Bryopsis Cure: My Battle With Bryopsis Using Fluconazole

Did Fluconazole Kill all of your Bryopsis?

  • Yes

  • No

  • I'm treating my tank with it now.

  • I love Bryopsis and I'm mad that everyone is killing it.



 

Once I have all my setup done, will one day get some sacrificial frags in a QT and try
 

jason2459


Its in fish medication for fugus treatments.
 

Sabellafella

I have took down a nice qt before myself from bryopsis. Its a nightmare, my buddys trying the treatment in the next few days. Although hes 99% possibly not going to talk about it, i will document it myself. Its a big big problem for him, because he has 3 dt ,1 frag tank, 3 different plumbed tanks (1 sump 1 drain 1 fuge)that are all candidates in his system. Seems very confident, hopefully it works.
 

awais98

Yes fluconazole are prescribed for single cell yeast/ candida infections, but not usually for higher forms of fungus.....
I know itraconazole et all can be used for branching but the cost would be prohibitive for hobby use.
I remember reading griseofulvin is a static drug but it is also effective for branching fungus.
Hence my idea for griseofulvin trial.
 

Sabellafella

I know itraconazole et all can be used for branching but the cost would be prohibitive for hobby use.
I remember reading griseofulvin is a static drug but it is also effective for branching fungus.
Hence my idea for griseofulvin trial.
Well hey! You never know =) maybe it could work against something else
 

NCreefguy

Hopefully it works out for him.I have no idea how things in a fuge would react as I don't have one on this system now.(well i do but no macros currently)
Like someone in the other thread said this could be a part of our qt process in some way and nobody would have to worry about it anymore.
 

drawman

 

jason2459


Look up how it interacts.



Posted this in another thread on what may cause a reaction with bryopsis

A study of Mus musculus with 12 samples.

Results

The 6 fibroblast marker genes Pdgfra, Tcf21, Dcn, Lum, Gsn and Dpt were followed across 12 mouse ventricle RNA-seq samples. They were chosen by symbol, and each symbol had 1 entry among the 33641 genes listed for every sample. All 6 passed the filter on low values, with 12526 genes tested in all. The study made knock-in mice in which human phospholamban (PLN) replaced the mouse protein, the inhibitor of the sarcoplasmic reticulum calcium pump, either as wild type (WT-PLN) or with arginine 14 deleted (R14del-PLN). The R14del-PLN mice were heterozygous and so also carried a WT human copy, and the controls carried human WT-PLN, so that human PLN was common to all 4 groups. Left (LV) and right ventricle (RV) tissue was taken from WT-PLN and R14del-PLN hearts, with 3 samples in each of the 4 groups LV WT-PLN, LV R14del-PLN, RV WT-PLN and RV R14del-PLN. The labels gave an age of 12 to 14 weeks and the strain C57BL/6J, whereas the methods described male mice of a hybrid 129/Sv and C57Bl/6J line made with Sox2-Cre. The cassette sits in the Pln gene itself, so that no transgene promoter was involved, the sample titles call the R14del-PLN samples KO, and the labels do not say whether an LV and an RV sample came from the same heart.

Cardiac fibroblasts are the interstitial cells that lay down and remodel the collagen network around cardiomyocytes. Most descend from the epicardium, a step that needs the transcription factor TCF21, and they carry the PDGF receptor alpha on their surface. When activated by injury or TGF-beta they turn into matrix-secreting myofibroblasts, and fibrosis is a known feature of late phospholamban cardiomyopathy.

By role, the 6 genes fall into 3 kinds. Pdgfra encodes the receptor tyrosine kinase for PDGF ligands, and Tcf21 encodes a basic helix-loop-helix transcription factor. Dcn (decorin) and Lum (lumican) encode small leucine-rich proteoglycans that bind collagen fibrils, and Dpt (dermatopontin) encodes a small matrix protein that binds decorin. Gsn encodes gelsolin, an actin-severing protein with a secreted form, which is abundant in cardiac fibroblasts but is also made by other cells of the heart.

....

This is cool and all

"This inhibition prevents the conversion of lanosterol to ergosterol, an essential component of the fungal cytoplasmic membrane, and subsequent accumulation of 14α-methyl sterols.[20] Fluconazole is primarily fungistatic; however, it may be fungicidal against certain organisms in a dose-dependent manner, specifically Cryptococcus.[29]"

But its ability to disrupt this

"Fluconazole is an inhibitor of the human cytochrome P450 system, particularly the isozyme CYP2C19 (CYP3A4 and CYP2C9 to lesser extent) [27]"

I find most interesting. The cytochrome P450 system is not unique to humans or fungi. This also could disrupt the uptake of a vital element for bryopsis to live, Fe. Just a guess.

https://en.m.wikipedia.org/wiki/Cytochrome_P450


So, be warned if that's it it could effect more then bryopsis like many other microorganisms.

Like this interesting fact
"Cytochrome P450 eryF (CYP107A1) originally from the actinomycete bacterium Saccharopolyspora erythraea is responsible for the biosynthesis of the antibiotic erythromycin by C6-hydroxylation of the macrolide 6-deoxyerythronolide B."


Or

"
Plants
Plant cytochrome P450s are involved in a wide range of biosynthetic reactions and target a diverse range of biomolecules. These reactions lead to various fatty acid conjugates, plant hormones, secondary metabolites, lignins, and a variety of defensive compounds.[44] Plant genome annotations suggest that Cytochrome P450 genes make up as much as 1% of the plant genes. The number and diversity of P450 genes is responsible, in part, for the multitude of bioactive compounds.[45]"
 

drawman

Very interesting. It's been a long time since I've taken any meaningful pharmacology, biochem, or physiology course and I guess I can't remember studying Cytochrome P450 outside of the human body.

That said, it is interesting to me still how someone came up with the connection that it would specifically target bryopsis (over other algaes, animals, etc.) and to a dose that wouldn't affect other organisms appreciably. Also since algaes aren't true plants the mystery deepens for me. Either way I will be following out of curiosity at least.
 

tigé21v


That said, it is interesting to me still how someone came up with the connection that it would specifically target bryopsis (over other algaes, animals, etc.) and to a dose that wouldn't affect other organisms appreciably. Also since algaes aren't true plants the mystery deepens for me. Either way I will be following out of curiosity at least.
Someone with a bryopsis-infested tank started dosing the med for their fish, and noticed the peculiar side effect, would be my guess.
 

drawman



Another lucky arrow?
Yup exactly. Hypotension and hard-ons so it became much more effective with the latter.